Three inconvenient truths

Truth Concept

You have an agenda for your career, a projectory to follow. You work hard with your eye on the prize. Perhaps then, like me, you don’t want to be reminded of facts that might get in the way of living your happiest life. Some of those realities are tied to our own self-doubts, while others are maxims about the way the world really works. But what would happen if we opened Pandora’s Box and shed some light on three facts we don’t usually examine too closely? What might we reconsider?

  1. Life is precious
    Despite proof to the contrary, we act like we have all the time in the world, and so we don’t truly consider the cost of the hours we trade — time for rest, family fun and entertainment — for work. According to Expedia’s study of U.S. workers, we only claimed 10 of 14 earned (paid!) vacation days last year. The conclusion? More than 144 million employed Americans “collectively failed to take more than 577, 212,000 available days of vacation” in 2013. Discount travel site Hotwire also surveyed American workers in 2013; its survey participants annually left an average of 12 paid vacation days unused – 30 percent more days lost than were reported in a 2012 survey. Did you leave vacation days on a spreadsheet last year?

  3. Overnight success is a myth
    Author JK Rowling lost an impressive secretarial position because she spent too much time daydreaming, after which she penned her first Harry Potter book. However, again her seemingly spontaneous fame was far from magical – the book was rejected by the first 12 publishing houses to consider it. Likewise, Walt Disney’s newspaper editor fired him for a “lack of imagination”, Michael Jordan was cut from his varsity high school basketball team, and early in his career, “shark” Mark Cuban was given the boot for spending too much time talking to customers at a company where he sold computers. Cuban soon afterwards founded a high-tech company that afforded him the money to buy the NBA’s Dallas Mavericks. Most success stories share the common theme of a lot of false starts along the way. Have you lost self-confidence after a failure?

  5. The “10 percent attractiveness advantage” does exist
    Taller, more attractive individuals actually do earn 10 percent more money, on average, than their unattractive or shorter counterparts. New 2014 research validated by the American Psychological Association, Smart Money, and Princeton University, reveals that attractive people also continue to get a second interview 10 percent more often than others, and women wearing obvious “glamorous” makeup are still judged to be smarter and more trustworthy than those wearing “natural” makeup or no cosmetics.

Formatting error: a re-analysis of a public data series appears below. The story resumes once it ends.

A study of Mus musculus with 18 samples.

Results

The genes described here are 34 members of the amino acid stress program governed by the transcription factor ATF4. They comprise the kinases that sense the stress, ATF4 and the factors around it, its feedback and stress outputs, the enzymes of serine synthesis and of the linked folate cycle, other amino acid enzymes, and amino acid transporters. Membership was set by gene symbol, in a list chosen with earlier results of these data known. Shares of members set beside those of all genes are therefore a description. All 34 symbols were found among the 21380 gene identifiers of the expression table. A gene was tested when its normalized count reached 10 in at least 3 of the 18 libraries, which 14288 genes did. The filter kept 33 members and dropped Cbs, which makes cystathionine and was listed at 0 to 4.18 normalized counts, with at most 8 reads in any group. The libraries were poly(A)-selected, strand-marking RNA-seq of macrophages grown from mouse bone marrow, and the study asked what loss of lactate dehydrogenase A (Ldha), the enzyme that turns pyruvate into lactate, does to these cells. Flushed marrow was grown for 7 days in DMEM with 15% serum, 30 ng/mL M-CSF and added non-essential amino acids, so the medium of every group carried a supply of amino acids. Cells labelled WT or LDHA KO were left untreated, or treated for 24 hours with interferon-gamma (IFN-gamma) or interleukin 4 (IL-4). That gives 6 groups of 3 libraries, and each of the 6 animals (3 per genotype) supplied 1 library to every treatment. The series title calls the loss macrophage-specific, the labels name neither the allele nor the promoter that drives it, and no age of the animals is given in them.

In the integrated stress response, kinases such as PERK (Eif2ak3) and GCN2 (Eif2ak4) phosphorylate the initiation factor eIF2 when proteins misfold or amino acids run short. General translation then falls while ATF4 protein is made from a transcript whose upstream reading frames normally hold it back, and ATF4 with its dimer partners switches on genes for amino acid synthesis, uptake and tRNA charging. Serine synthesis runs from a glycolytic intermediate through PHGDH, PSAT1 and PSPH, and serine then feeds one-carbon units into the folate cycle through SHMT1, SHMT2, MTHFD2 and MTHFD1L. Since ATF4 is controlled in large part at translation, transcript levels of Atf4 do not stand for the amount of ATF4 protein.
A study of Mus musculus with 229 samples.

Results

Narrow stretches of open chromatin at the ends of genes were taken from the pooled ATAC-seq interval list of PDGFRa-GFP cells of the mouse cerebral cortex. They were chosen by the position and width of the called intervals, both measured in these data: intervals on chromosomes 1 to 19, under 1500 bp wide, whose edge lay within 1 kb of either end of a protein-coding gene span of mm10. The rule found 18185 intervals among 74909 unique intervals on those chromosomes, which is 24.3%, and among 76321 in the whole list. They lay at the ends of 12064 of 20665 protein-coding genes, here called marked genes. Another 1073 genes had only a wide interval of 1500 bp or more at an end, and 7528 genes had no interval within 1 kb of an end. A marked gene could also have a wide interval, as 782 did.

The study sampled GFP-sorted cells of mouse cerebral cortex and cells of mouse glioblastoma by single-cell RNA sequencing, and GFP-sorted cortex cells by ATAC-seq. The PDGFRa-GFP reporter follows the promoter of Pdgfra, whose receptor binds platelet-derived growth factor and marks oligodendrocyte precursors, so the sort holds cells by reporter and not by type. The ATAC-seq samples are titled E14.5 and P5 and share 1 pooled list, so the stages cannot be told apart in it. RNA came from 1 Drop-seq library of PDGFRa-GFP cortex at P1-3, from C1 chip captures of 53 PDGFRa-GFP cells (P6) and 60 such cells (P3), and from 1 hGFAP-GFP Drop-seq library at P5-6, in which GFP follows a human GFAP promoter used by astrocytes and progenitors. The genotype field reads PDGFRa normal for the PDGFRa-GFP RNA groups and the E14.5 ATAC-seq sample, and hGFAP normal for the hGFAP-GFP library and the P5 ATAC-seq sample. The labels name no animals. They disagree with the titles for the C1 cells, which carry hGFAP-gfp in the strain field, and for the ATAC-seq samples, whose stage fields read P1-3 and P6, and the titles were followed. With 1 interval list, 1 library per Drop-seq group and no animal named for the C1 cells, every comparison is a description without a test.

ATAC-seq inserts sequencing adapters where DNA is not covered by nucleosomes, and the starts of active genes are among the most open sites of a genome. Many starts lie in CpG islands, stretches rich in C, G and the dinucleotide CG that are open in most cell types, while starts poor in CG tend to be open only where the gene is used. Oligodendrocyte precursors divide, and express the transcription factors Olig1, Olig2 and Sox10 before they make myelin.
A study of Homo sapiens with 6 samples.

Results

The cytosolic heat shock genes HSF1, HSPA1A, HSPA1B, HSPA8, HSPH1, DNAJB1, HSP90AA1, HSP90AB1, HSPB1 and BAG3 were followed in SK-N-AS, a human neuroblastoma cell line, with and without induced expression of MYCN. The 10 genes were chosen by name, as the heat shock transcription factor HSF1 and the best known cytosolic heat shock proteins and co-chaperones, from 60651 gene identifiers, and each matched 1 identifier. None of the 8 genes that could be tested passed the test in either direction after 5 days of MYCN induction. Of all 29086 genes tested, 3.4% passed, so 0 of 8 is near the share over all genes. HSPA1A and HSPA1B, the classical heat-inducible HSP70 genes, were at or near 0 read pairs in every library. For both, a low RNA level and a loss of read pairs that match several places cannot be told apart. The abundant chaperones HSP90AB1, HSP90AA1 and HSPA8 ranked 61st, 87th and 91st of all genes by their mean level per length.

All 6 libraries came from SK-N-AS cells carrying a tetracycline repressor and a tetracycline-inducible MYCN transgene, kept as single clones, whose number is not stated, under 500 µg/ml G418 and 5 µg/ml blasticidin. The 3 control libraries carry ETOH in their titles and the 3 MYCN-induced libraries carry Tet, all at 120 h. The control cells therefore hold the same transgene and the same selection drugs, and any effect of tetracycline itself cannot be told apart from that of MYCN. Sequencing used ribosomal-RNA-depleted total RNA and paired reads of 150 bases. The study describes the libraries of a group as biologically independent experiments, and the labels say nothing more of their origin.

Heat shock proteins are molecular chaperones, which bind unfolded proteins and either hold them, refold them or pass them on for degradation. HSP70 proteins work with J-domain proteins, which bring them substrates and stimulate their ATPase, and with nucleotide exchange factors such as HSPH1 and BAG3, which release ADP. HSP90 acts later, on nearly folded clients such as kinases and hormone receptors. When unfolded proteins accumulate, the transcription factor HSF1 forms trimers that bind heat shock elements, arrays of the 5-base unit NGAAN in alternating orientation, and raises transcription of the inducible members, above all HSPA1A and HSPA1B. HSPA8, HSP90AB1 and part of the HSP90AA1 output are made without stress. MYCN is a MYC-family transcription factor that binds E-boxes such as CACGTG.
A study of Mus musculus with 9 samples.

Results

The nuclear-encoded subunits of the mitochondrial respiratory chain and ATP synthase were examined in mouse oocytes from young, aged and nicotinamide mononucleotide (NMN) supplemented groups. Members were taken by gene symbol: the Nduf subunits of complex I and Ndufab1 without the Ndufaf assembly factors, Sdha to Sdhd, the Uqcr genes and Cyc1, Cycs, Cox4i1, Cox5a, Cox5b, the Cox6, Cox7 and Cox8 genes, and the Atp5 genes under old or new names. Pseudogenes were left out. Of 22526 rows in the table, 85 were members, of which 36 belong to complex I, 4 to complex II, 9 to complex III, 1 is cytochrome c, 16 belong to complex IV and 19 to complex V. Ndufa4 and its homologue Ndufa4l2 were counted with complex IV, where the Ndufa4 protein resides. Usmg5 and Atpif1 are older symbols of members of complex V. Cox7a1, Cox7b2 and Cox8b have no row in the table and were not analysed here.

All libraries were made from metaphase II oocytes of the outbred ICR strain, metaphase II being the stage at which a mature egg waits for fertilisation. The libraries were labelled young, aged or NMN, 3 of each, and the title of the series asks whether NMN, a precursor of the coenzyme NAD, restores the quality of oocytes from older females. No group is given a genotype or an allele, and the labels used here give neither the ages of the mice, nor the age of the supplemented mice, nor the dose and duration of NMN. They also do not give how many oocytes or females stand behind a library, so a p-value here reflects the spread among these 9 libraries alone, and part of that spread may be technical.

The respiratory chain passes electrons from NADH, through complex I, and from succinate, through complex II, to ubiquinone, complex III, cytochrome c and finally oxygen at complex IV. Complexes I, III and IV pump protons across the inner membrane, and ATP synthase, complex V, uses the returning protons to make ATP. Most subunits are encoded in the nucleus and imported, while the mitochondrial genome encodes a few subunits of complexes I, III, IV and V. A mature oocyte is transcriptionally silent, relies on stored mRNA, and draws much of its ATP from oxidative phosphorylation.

Likewise, if two professionals are performing similarly at the same profession and rank, the one with high self-esteem would statistically earn about $79,927 compared to an annual salary of $50,323 paid to a professional with low self-esteem. Do you dress for the job you want? Would that give your self-confidence a boost?

So… what does all this mean? First, let’s claim those vacation days! Happiness is easier to recognize and grasp if we come prepared with a rested mind and the strongest possible support network of family and friends. And let’s stop losing sleep (and confidence) after a false start; a failure may actually provide a learning opportunity or a needed career redirection. And lastly, we can’t all look like a Vogue or GQ model, but we can remember the importance of entering a room with a confident smile on our face, putting our best foot (in higher heels, perhaps?) forward.

About Jody Glynn Patrick

Jody is President of Glynn Patrick & Associates, which provides management consulting, executive coaching and strategic planning services. She is Publisher Emeritus of In Business magazine, which she published for 17 years. Selected as the “U.S. Business Journalist of the Year” in 2007 in Washington, DC, by the U.S. Small Business Administration, Jody has been a business reporter, editor, radio talk show host , and has won other state and national journalism awards. At the same time, she has helped corporate clients grow their businesses -- the basis for her practical coaching advice here. She also was the 2005 Athena Award recipient for her leadership role in mentoring other professional women. Jody will be talking with you weekly on TDS’ blog to share her insights and tips from the C-Suite perspective. Follow on G+.